NEW YORK (CNNMoney) -- Alcoa said Tuesday it swung to a wider-than-expected first-quarter loss, as the aluminum producer blamed the continuing economic downturn and a "historic decline" in metal prices.
Sharp drop in revenue caused by recessionary effects on automotive, construction and aerospace industries.
The Pittsburgh-based company posted a loss of $497 million, or 61 cents per share - its second quarterly loss in a row. Last year Alcoa made a profit of $303 million, or 37 cents per share a year ago.
Excluding a loss from discontinued operations, Alcoa lost 59 cents per share, which was more than the 56 cents per share expected by analysts surveyed by Thomson Reuters, who usually excludes special items.
Revenue fell 41 percent to $4.15 billion from $7 billion in the year-earlier quarter. Analysts had forecast sales of $4.08 billion.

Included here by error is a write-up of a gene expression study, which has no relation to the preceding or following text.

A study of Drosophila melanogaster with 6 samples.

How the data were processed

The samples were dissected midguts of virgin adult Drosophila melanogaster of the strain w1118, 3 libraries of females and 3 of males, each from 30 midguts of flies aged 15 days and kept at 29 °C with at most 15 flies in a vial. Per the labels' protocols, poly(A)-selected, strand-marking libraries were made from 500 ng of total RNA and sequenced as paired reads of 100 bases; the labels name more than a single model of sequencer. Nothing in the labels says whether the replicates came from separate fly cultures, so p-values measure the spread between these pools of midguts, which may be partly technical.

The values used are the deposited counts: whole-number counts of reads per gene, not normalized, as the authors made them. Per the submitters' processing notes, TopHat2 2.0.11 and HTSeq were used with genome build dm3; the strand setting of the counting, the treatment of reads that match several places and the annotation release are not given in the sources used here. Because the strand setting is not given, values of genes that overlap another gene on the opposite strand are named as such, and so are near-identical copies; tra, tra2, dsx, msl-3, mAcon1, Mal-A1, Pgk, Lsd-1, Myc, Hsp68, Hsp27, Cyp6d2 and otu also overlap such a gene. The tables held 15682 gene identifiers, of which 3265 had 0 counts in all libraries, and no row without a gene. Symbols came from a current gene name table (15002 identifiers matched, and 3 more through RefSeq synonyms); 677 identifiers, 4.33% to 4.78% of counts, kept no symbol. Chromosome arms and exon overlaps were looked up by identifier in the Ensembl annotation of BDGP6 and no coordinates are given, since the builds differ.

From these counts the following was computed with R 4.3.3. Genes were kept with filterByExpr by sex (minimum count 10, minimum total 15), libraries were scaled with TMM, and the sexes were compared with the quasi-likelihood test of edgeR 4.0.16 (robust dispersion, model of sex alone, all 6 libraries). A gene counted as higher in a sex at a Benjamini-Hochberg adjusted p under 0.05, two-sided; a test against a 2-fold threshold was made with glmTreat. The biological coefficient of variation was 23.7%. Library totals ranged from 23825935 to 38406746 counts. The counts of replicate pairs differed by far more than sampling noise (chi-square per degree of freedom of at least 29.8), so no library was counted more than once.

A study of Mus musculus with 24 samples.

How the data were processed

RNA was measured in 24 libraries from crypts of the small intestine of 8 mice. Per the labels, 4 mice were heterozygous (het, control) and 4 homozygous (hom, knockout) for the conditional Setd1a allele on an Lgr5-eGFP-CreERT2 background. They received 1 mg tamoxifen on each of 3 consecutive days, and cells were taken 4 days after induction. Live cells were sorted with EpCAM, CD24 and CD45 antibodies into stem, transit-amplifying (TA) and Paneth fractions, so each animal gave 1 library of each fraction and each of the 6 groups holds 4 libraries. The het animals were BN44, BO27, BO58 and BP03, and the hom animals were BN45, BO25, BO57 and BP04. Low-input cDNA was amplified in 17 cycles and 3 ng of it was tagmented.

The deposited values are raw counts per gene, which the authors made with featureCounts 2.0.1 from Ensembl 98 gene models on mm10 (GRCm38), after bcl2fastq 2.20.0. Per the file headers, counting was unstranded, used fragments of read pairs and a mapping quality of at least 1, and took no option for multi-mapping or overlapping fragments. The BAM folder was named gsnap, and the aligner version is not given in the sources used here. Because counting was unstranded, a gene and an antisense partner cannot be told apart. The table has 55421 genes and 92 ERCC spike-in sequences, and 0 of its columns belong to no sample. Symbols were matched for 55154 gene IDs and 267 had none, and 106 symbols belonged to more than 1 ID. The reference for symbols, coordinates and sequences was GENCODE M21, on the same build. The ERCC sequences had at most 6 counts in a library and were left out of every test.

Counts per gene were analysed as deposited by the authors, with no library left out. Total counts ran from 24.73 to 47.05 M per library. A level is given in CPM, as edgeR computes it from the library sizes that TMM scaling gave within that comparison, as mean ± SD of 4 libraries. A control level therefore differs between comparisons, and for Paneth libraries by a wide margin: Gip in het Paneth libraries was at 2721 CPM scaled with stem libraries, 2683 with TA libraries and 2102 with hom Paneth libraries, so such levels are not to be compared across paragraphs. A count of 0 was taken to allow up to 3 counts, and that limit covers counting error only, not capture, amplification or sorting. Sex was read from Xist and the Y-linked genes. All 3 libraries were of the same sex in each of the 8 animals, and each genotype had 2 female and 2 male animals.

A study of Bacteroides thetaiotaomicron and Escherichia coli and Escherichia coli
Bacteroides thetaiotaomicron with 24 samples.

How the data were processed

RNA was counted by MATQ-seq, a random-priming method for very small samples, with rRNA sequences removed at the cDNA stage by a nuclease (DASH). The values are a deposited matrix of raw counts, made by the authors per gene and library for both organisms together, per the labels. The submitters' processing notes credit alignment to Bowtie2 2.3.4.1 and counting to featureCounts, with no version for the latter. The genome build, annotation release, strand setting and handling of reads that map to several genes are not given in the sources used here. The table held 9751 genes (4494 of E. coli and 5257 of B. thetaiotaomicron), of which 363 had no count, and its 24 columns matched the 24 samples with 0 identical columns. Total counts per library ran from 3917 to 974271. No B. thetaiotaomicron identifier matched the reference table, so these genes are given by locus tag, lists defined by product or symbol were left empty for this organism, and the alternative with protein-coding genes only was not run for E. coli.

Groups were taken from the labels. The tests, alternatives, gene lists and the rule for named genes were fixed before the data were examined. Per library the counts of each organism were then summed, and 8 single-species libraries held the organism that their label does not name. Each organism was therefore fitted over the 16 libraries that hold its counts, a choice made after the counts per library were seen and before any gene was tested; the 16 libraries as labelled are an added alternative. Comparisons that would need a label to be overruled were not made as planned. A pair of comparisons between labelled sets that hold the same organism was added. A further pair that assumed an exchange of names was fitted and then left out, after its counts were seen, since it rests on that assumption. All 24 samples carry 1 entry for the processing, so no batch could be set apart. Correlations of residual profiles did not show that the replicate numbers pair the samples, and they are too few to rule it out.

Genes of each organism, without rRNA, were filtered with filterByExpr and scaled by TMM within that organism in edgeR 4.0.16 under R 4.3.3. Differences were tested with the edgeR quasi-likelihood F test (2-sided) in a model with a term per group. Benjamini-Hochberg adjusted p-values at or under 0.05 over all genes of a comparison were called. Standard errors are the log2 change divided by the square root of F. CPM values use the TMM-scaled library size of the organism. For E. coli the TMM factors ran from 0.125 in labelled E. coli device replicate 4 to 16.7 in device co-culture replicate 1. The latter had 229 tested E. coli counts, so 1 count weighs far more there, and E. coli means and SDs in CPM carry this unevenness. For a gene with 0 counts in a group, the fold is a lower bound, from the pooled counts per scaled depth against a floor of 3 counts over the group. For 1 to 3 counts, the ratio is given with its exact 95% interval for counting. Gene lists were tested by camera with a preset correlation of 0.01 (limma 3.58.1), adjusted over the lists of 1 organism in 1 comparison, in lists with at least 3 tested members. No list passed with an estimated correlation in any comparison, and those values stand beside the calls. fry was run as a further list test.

The company said the sharp drop in revenue was caused by the recessionary effects on its end markets: the automotive, transportation, construction and aerospace industries. Meanwhile, it said metal prices are now about 60 percent lower than last summer.
Falling aluminum prices are the biggest problem for the producer, according to Charles Bradford, an analyst with Bradford Research.
"They did an excellent job it appears on cost-cutting," but it may not be enough, he said.
Last month, Alcoa said it is slashing its dividend by 82 percent to 3 cents a share as part of a series of cost-cutting measures that the company hopes will save $2.4 billion by 2010. Other measures include cutting procurement and production costs.
Alcoa is the first Dow component to release its first-quarter report, and its early numbers can help investors gauge how the economic crisis will impact businesses.
Shares of Alcoa dropped 1.5 percent in after hours trading.